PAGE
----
Y-Fi: How Sudbury’s YMCA is helping vulnerable people get online

After libraries and other service providers shut down, Sudbury’s homeless population lacked access to various amenities. So the YMCA stepped in
By Nick Dunne - Published on May 25, 2020
The YMCA’s initiative operates seven days a week from noon to 5 p.m. and draws between 16 and 30 people daily. (Nick Dunne)



SUDBURY — Every day since mid-April, Siobhan Fagan has walked to downtown Sudbury’s YMCA, on Durham Street. That’s because the branch started offering access to a landline, computers, Wi-Fi, and washrooms after other free-service providers, such as libraries, had shut down. Currently experiencing homelessness and without a cellphone, Fagan says that the service has allowed her to remain in contact with her children, who live with their father in the Greater Sudbury community of Azilda. “These are my children,” says Fagan. “I need to hear their voices. They need to hear my voice.”

Helen Francis, CEO at the YMCA of Northeastern Ontario, says that the branch’s initiative, which operates seven days a week from noon to 5 p.m. and draws between 16 and 30 people daily, was inspired by another effort in the region: in North Bay, the local YMCA had acted as an emergency shelter until the city opened the Pete Palangio Arena on April 16. “We really want to step up and continue to play a role — albeit a little bit differently — in building healthy communities,” says Francis. At first, it opened the washrooms, but the need for internet access soon became apparent, and three desktops and two landlines were made available for use. “It was recognized pretty quickly that folks do need to access online resources, either by telephone or computer,” she says. “Because pretty much every social service had to close their doors or were working remotely.”

In the YMCA lobby on May 15, Fagan takes a moment after an emotional call with her son, who is finishing Grade 12. “We had the most authentic chat, and I didn’t have anybody looking over my shoulder,” she says. Beside her on the wall is a sheet of paper with the phone number for a legal clinic that is offering to help with various benefit programs and legal assistance for tenants. Fagan says that internet and phone services grant her access to “the bare essentials of life,” adding, “If you need social services, you cannot get food or shelter without them. You can communicate with the [social] worker online. You can send people attachments or fax things.”

Before the pandemic, Fagan says, she would use the services available via the Greater Sudbury Public Library system, which, in 2019 alone, registered more than 88,000 computer logins in the city of 160,000. “I was one of those people in the last few years,” she says. “I was there all the time.”

While the public can still access library Wi-Fi in Sudbury by logging in from just outside the branches’ doors, service providers say that the YMCA offers the only indoor space in the city for internet browsing. And indoor space, with familiar staff and a security presence, can provide a safe zone for those in need, Fagan says, noting that she used to have an iPad, but it was stolen, so she’s borrowing a laptop from her son. Her lifestyle affords her certain freedoms, she says, but she adds, “I'll never get used to that — how vulnerable you are to theft when you're a nomad.”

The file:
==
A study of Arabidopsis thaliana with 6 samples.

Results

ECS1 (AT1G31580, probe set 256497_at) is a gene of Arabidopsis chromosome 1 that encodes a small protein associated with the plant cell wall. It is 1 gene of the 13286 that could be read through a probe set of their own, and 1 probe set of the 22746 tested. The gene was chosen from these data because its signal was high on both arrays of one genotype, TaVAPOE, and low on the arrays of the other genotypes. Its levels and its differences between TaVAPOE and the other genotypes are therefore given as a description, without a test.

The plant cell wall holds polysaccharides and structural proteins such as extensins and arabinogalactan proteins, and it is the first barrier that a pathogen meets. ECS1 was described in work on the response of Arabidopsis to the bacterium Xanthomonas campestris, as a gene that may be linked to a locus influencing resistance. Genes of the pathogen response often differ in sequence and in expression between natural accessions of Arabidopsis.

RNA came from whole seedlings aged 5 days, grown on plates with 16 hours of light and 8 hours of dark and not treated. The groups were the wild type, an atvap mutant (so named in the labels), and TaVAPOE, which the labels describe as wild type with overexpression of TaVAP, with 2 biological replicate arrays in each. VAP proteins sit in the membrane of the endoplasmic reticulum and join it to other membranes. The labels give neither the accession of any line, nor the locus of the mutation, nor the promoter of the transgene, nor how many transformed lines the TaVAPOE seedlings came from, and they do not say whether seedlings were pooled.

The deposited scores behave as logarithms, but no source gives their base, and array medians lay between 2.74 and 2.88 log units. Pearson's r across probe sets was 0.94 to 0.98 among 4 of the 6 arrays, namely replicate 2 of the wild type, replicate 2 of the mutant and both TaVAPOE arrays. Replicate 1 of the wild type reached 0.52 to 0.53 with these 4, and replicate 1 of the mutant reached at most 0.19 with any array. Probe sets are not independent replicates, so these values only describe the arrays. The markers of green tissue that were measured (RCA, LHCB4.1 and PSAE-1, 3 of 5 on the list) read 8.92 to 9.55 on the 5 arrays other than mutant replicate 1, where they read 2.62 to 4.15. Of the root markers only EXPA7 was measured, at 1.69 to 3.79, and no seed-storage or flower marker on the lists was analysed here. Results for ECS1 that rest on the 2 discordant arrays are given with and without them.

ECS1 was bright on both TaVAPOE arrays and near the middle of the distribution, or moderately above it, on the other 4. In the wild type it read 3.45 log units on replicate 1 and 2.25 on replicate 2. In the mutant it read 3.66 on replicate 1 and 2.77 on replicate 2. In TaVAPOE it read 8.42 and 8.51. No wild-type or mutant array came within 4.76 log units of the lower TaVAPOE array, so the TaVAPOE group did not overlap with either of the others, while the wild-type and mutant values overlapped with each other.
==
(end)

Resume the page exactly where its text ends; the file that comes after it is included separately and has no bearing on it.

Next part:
Lisa Long, executive director of the Samaritan Centre, a facility that hosts a soup kitchen, a health clinic, and the Elgin Street Mission, has been referring clients to the YMCA during Ontario’s state of emergency. “These services are vital for the homeless and vulnerable clients that we serve as a means of contacting their family, their friends, their workers, their support systems,” says Long. “With social, mental-health, and addictions services being limited to Zoom and online contact, our clients can make the connections that they need through the phone and internet services available to them at the YMCA that normally would have been available to them through other facilities, such as the library or drop-in spaces in the city.”

As Fagan leaves the YMCA, where staff sanitize surfaces and screen visitors before allowing access to physically distanced devices, she waves goodbye to a man sitting in the lobby. “See you at the shel-tel [a portmanteau of shelter and hotel],” she says in a mock French accent, referring to the Canada’s Best Value Inn that has become an overnight shelter. Walking to the Tim Hortons downtown, she reflects on the changes COVID-19 has brought. She’s missing spots such as the café and the library: “When you’re a nomad, you don't have the familiar home base of a house that you're familiar with, a car and a family. So your family becomes those pit stops that you have along the way.”

She recalls breaking into tears recently after seeing a man she hadn’t encountered since the pandemic forced many businesses to shut down in March. As they caught up (while remaining two metres apart), Fagan says, she “realized how much I had missed running into him.” Amid the uncertainty, it’s the connections — whether through the phone, Facebook, or at the local spots — that keep her positive. “Those kinds of moments are happening all over the place,” she says. “And they're beautiful.”

This is one in a series of stories about issues affecting northeastern Ontario. It's brought to you with the assistance of Laurentian University.

Ontario Hubs are made possible by the Barry and Laurie Green Family Charitable Trust & Goldie Feldman.